Accelerated Worsening in Serum Neurofilament Light Chain Levels and Multiple Sclerosis Functional Composite in Women with MS after Menopause
Hannah Silverman1, Alan Bostrom2, Ann Lazar3, Refujia Gomez1, Adam Santaniello1, Adam Renschen1, Meagan Harms1, Tiffany Cooper1, Robin Lincoln1, Shane Poole1, Roland Henry1, Jorge Oksenberg1, Stephen Hauser1, Bruce A. C. Cree1, Riley Bove1
1Weill Institute for Neurosciences, 2Division of Oral Epidemiology, Department of Preventive & Restorative Dental Sciences, 3Division of Oral Epidemiology, Department of Preventive & Restorative Dental Sciences; Division of Biostatistics, Department of Epidemiology and Biostatistics, University of California, San Francisco

To evaluate the effect of menopause on functional outcomes and disease biomarkers in a longitudinal cohort of women with multiple sclerosis (MS).

Hormonal changes, e.g. puberty and pregnancy, influence the onset and course of MS. After menopause, a worsening of disease trajectory measured on the clinician-rated Expanded Disability Status Scale (EDSS) was reported in some studies; however, the effects of menopause on other more objective measures of functional status and biomarkers of disease activity are unknown.
A cohort of 186 cis-women with MS who had undergone menopause was identified from a longitudinally followed sample at UCSF. Prospectively collected outcome measures included a performance-based measure of function (MS Functional Composite, MSFC) and serum neurofilament light chain (sNFL), a paraclinical marker of neuronal injury. Outcomes were analyzed using linear mixed effects models adjusted for age and MS duration, with a change in the slope at the time of menopause.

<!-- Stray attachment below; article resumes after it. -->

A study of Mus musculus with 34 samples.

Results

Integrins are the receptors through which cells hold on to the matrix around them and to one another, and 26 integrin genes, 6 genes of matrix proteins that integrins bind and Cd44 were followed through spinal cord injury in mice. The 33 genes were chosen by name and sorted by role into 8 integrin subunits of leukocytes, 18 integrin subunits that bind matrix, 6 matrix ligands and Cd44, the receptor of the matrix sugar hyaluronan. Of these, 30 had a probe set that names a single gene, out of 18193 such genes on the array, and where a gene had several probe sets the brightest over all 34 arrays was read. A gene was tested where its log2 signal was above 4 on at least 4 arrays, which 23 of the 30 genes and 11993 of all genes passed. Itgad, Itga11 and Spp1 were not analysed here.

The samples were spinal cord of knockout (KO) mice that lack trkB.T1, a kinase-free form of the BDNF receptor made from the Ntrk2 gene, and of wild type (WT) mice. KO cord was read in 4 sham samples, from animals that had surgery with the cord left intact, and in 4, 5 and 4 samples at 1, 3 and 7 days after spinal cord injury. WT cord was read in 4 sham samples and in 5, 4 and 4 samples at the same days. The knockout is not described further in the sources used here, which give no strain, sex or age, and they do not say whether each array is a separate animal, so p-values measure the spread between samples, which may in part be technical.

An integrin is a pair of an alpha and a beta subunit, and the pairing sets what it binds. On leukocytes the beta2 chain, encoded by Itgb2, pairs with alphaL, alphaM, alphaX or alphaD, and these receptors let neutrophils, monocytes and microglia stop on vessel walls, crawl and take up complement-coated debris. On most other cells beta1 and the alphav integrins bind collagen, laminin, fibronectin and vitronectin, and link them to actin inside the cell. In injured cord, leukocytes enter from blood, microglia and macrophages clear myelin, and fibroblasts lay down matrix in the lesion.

Median MS duration was 15 years (IQR=13) and median EDSS was 3 (IQR=2) at study entry. Median age at natural menopause was 52 years (IQR=5); 23% participants used any systemic menopausal hormone therapy. Menopause reflected an inflection point in MSFC worsening (slope difference 0.074 (95% CI: 0.015, 0.134), p=0.014), as well as in accumulation of serum NFL (slope difference -0.851 (95% CI: -1.546, -0.156), p=0.017).

Menopause may lead to increased neuronal injury and functional decline in people with MS, as found for the first time in continuous, objective measures.